How zero coupon bonds operate differs from other bonds, since they pay only a lump sum at the end of the bond’s term. Other bonds pay out coupons, or payments, that are paid by the issuer at scheduled and regular times throughout the term of the bond. A zero coupon bond formula must take this into account, calculating all of the interest earned by the bond, instead of accounting for regular disbursements of the bond’s earnings.
Because of how a zero coupon bond formula is structured, issuers of zero coupon bonds always sell the bonds at a discounted rate. If the issuers were to sell the bonds at the normal face value, as some other bonds might be sold, investors would not spend their money on the bonds. The nature of the formula makes it impossible for investors to gain any money from investing in the bond, unless they do not pay the bond’s face value.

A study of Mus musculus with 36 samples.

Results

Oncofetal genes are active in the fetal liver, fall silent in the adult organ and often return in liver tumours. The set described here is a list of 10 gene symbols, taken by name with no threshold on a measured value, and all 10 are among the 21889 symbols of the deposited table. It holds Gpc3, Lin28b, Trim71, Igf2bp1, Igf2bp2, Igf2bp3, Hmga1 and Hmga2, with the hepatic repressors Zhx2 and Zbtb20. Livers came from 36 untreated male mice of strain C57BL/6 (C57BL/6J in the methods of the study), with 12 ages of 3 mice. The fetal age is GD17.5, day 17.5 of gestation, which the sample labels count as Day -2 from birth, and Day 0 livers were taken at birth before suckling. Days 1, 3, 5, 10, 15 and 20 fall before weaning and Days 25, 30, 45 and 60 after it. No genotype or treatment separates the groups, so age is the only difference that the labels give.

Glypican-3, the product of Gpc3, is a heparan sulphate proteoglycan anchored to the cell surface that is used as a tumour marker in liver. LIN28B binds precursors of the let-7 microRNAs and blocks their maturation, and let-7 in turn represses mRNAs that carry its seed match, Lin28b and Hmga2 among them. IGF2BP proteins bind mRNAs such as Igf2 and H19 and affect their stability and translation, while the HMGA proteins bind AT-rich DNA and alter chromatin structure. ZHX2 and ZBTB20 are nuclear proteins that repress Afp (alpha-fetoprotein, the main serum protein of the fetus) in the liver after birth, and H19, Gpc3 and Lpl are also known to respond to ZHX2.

To make up for tying up an investor’s money, a zero coupon bond’s issuer typically will discount the price according to the bond’s maturity date. Bonds that have a maturity date further into the future sell for less than bonds with the same face value, but a maturity date that is not as distant. Investors take a risk when they buy a zero coupon bond with a long term, since the issuer may default on the bond before the term. Unlike other bonds, the investor does not receive periodic payments and so would receive nothing from his investment.
When a person buys a zero coupon bond, or any other type of bond, the issuer of the bond specifies certain terms involved in the transaction. The investor must know what the interest rate for the bond will be, as well as the face value and the maturity date, or the date when the value of the bond will be paid to the investor. Investors must not only use a zero coupon bond formula to calculate how much they stand to earn, but they also must also pay income taxes on the interest the bond earns each year, even though they do not receive any of the money until the bond matures.